Going Global: Learning from Global Innovative SME Export Assistance Programs

Published on January 30, 2017

With the objective of learning from the rich experiences and lessons that other countries have gained from their own programs, teams of researchers at Ryerson University and California Lutheran University looked at a wide range of assistance programs targeting branding, financing, and management-associated challenges, among other issues.

Highlights
going global

Small- and medium-sized enterprises (SMEs) are the lifeblood of Canada’s economy. Today we have over 1.1 million SMEs in the country. They constitute more than 99 per cent of Canadian business and employ more than 90 per cent of workers in the private sector. Promoting their capacity and growth is essential for the future health of the Canadian economy.

One key strategy for achieving this objective is to ensure that SMEs are able to take advantage of the growing market opportunities in Asia – a region that is projected to generate nearly 45 per cent of the world’s GDP and represent 42 per cent of the world’s total middle class consumption by 2020. In 2014, of the 12 per cent of Canadian SMEs that exported, only 13 per cent exported to China and only 16 per cent exported to other Asian economies.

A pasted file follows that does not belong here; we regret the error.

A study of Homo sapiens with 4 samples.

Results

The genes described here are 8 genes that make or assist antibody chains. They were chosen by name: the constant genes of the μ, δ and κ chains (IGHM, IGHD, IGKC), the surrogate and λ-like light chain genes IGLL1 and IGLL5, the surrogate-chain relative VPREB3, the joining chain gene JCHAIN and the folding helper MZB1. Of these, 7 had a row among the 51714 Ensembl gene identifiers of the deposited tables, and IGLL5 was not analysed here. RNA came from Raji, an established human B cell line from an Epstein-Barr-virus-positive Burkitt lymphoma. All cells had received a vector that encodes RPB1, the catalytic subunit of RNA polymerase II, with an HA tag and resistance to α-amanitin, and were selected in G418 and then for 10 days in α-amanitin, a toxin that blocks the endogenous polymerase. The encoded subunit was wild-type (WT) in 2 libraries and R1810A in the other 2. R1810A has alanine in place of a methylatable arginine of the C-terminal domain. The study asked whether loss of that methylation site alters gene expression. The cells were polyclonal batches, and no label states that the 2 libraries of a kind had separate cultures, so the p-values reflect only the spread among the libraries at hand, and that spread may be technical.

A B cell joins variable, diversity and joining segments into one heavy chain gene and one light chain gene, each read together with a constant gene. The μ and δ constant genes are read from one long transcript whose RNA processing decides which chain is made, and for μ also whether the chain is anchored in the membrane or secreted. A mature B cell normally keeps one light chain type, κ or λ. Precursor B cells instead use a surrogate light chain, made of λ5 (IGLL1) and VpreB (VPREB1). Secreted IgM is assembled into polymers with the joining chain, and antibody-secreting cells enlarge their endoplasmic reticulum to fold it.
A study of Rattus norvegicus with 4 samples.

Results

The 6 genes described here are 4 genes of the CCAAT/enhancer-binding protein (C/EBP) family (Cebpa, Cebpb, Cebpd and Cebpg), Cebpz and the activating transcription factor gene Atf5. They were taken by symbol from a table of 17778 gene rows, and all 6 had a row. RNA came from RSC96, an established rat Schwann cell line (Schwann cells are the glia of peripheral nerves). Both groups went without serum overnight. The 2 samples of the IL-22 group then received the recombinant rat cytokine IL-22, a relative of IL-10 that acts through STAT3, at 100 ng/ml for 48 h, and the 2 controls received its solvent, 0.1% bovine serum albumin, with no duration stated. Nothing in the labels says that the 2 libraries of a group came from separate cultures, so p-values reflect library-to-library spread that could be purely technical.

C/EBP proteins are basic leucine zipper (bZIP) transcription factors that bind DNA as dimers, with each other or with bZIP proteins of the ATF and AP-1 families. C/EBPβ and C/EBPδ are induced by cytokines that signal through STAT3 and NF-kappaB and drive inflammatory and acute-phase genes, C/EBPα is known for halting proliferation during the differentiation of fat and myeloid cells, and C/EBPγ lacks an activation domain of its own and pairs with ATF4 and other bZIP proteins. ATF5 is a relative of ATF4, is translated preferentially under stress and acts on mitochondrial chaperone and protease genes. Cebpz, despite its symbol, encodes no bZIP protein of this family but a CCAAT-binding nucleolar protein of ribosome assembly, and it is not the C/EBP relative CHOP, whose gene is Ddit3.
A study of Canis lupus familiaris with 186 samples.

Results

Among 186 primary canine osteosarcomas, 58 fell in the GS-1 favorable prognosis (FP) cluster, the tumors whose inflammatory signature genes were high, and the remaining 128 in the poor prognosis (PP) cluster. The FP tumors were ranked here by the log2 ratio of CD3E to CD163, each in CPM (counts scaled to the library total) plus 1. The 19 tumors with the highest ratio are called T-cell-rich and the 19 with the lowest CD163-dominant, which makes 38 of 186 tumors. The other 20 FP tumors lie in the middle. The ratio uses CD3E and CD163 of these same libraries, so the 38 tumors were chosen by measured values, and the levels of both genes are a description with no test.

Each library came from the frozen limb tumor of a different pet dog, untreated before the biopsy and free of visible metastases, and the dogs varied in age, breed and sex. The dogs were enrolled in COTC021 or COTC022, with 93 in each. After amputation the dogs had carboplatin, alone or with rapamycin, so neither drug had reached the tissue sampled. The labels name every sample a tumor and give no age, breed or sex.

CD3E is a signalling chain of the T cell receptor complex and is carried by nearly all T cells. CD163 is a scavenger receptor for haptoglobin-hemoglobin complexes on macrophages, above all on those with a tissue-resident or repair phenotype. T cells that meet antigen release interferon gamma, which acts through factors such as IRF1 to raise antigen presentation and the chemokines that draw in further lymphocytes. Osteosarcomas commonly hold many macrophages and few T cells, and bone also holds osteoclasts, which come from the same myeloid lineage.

The relatively low rates of internationalization of SMEs are not unique to Canada. Researchers and policy-makers studying this issue have identified a number of barriers that prevent SMEs from successfully entering international markets. These include:

  • lack of infrastructure;
  • inadequate information about market opportunities;
  • unconducive trade policy and regulations;
  • expensive and not internationally accepted inputs;
  • lack of access to financing; and,
  • uncompetitive products.

In response, governments, including the Government of Canada, have designed export assistance programs to help SMEs overcome these challenges.

With the objective of learning from the rich experiences and lessons that other countries have gained from their own programs, in early 2016, the Asia Pacific Foundation of Canada announced a competitive policy research grant for research on best practices by foreign SME export assistance programs. The grant was awarded to teams of researchers at Ryerson University and California Lutheran University who looked at a wide range of assistance programs targeting branding, financing, and management-associated challenges, among other issues. Their findings are outlined in 10 unique reports and will be of interest to Canadian policy-makers and businesses.

"Small- and medium-sized enterprises (SMEs) are the lifeblood of Canada’s economy. Today we have over 1.1 million SMEs in the country. They constitute more than 99 per cent of Canadian business and employ more than 90 per cent of workers in the private sector. Promoting their capacity and growth is essential for the future health of the Canadian economy."